I’m by no means a mindfulness guru. I read a book and quite a few references about this approach, but the method never really stuck enough with me to develop myself into a steady, spiritual, in-the-now living mindfulness master. Instead I find myself thinking about some easy techniques when I feel I’m slipping into worry, which usually end up helping me out – a lot. That’s why I would like to give a short introduction, followed by some easy mindfulness tips for beginners.
I wouldn’t be surprised if “mindfulness” wasn’t even a word about a decade ago. Yet this technique has gained so much popularity over the years that it has become somewhat of a trend. A way for everyone – not only the spiritually minded – to keep focused and keep their thoughts in the now, rather than dwelling over the past or the future.
So, what is mindfulness?
Mindfulness is the collective definition of being fully present. By practicing mindfulness you are aware of your feelings, bodily sensations and your surroundings. The trick is not to study your thoughts about these things and form an opinion about them, but to simply accept them for what they are. Rather than becoming happy, annoyed, worried, scared or angry about whatever is happening inside or around you, the key is to let these concerns slide. The desired outcome is to be nonjudgmental – and thus not pushed around by your emotions – and present in its broadest sense.
In short, mindfulness is a way to maintain a constant awareness of our physical and mental sensations, and accepting them rather than reacting to them.
When do you practice mindfulness?
If you’re looking to become somewhat of a zen-guru, you’ll be practicing mindfulness all the time. But if you’re anything like me, you’ll enjoy falling back on some easy mindfulness tips when you’re struggling. For instance:
- When you recently had a fight, and you’re mulling over what has been said, and what you could have said better
- When you’re working out and exhaustion is washing over you
- When you find you’re acting unreasonable, for example being very angry or exceptionally sad
- When you’re working on something difficult, and you really need to focus
These are just a couple of exemplary situations where mindfulness might come in hand.
How to practice mindfulness
Now here is the crux of the story. So far, everything I’ve read about mindfulness is centered around regular practice. There are several techniques, including breathing meditation, concentration exercises, practicing mindfulness by eating food of different textures or even attending weekly classes. But shortly stated, I feel the principle of mindfulness comes down to replacing any thoughts that haunt you, with feelings and sensations that are current. And instead of forcing them into a pattern (expecting meditative bliss or an empty mind), accepting them for what they are.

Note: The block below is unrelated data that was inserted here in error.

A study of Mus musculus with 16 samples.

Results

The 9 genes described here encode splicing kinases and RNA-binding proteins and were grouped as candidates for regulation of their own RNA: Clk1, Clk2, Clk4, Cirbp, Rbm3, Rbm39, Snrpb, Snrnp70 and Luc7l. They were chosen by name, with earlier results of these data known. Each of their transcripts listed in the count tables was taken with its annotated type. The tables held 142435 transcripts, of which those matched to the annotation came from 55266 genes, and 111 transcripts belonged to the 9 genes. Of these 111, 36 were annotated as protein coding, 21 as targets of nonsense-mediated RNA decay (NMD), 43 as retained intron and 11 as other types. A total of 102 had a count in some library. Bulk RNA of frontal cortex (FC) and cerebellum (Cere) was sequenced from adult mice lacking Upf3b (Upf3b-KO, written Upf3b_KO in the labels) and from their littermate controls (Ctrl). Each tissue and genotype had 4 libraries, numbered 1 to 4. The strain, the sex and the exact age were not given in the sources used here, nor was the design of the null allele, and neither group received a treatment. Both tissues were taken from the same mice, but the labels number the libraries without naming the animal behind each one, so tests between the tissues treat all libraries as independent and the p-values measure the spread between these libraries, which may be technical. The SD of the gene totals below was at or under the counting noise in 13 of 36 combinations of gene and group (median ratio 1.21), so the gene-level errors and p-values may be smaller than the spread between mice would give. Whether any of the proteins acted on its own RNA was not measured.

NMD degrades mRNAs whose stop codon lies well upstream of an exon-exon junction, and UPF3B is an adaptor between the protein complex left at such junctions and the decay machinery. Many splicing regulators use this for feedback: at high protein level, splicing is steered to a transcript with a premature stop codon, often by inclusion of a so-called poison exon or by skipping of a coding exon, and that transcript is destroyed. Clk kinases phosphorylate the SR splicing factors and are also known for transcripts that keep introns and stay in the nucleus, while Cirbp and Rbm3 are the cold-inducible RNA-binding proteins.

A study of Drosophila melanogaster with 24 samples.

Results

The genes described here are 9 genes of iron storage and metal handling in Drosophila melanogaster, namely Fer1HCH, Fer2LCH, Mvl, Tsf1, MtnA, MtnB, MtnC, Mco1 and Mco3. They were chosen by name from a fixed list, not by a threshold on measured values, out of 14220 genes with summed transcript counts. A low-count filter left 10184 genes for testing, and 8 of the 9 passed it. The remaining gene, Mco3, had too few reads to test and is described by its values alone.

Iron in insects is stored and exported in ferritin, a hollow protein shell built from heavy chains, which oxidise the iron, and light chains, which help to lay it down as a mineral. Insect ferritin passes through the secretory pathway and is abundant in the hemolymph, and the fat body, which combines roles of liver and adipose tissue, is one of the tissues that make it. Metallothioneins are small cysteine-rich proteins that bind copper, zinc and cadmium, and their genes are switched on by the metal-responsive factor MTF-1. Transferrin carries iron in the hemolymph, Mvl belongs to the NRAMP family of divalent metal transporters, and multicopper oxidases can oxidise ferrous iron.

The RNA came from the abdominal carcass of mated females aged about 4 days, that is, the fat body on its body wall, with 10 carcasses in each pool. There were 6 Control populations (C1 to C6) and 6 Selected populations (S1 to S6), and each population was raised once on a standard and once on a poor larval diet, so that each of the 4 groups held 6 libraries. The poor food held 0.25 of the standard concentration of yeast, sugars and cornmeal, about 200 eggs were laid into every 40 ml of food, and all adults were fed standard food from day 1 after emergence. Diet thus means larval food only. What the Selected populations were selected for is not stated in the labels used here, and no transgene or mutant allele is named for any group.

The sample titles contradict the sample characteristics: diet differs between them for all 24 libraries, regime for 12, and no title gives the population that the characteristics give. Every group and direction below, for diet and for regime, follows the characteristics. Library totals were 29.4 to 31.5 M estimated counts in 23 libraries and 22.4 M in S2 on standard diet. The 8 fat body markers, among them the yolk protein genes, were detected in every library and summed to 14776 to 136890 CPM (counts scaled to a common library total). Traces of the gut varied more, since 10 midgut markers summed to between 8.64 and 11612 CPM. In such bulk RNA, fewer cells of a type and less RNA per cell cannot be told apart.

I feel that when you get the basic principle, you can easily take some shortcuts. To tackle those gnarly situations where a little mindfulness gets you a long way.
Easy mindfulness tips for beginners
Let your thoughts blow away: The cloudy sky visualization technique
Do you catch yourself in a situation where undesired thoughts are clouding your mind? By practicing visualization you might be able to rid yourself from the things that are bothering you sooner than you’d think. Imagine the thoughts and emotions that bother you floating away, like little clouds in the sky. While you do that, practice not judging them and accepting them for what they are. I find it really helps keeping a little order in my mind when thinks get chaotic.
Be a good conversationalist: Remind yourself to stay present when talking
Unless you’re having a very deep conversation about an interesting topic, it’s easy to let your mind wander when you’re talking. A regular conversation is based on two people taking turns speaking their mind and answering questions. But don’t you often catch your mind wandering when you’re supposed to intently listen? Many people are already focusing on what they want to say next, without even really registering what the other is telling you. And it’s not uncommon to let your mind roam free completely during the more routinely conversations, thinking about what you’ll be cooking for dinner, or that file that’s awaiting you at your desk.
This is an excellent time to practice mindfulness. Focus on who you have in front of you, take in your stance, your breathing. This won’t just make you more mindful: It will also make you a better conversation partner as it turns your entire attention to the present, and who ever you’re talking to. A bonus is that they’ll be grateful for your undivided attention.
Remind yourself to stay mindful: Mindfulness cues
Remember the movie Inception? When Leonardo di Caprio playing with that spinning top whenever he needs a reminder he isn’t dreaming? A mindfulness cue pretty much does the opposite: It reminds you to stop dreaming – leaving your thoughts about anything but the present for what they are – and practice a little mindfulness. You can pick your own mindfulness cue based on your daily routines. For instance, you can train yourself to be mindful when you brush your teeth, when you’re having lunch or when you hear a certain piece of music.
I myself rather like being reminded by my mobile phone. I do this by setting a designated mindfulness cue wallpaper as my lock-screen; every time I make a grab for my phone to check an app I’m being reminded to focus on the present for a minute. Of course I do this as soon as I put my phone away.
Finishing with some freebies: Mindfulness phone wallpapers
Are you also interested in using your phone as a mindfulness cue? Allow yourself to be reminded by a gorgeous mobile phone background! I recently curated a bunch just for this purpose. Make sure to check them out!
Do you feel mindfulness can be an addition to your life? Feel free to let me know in the comments!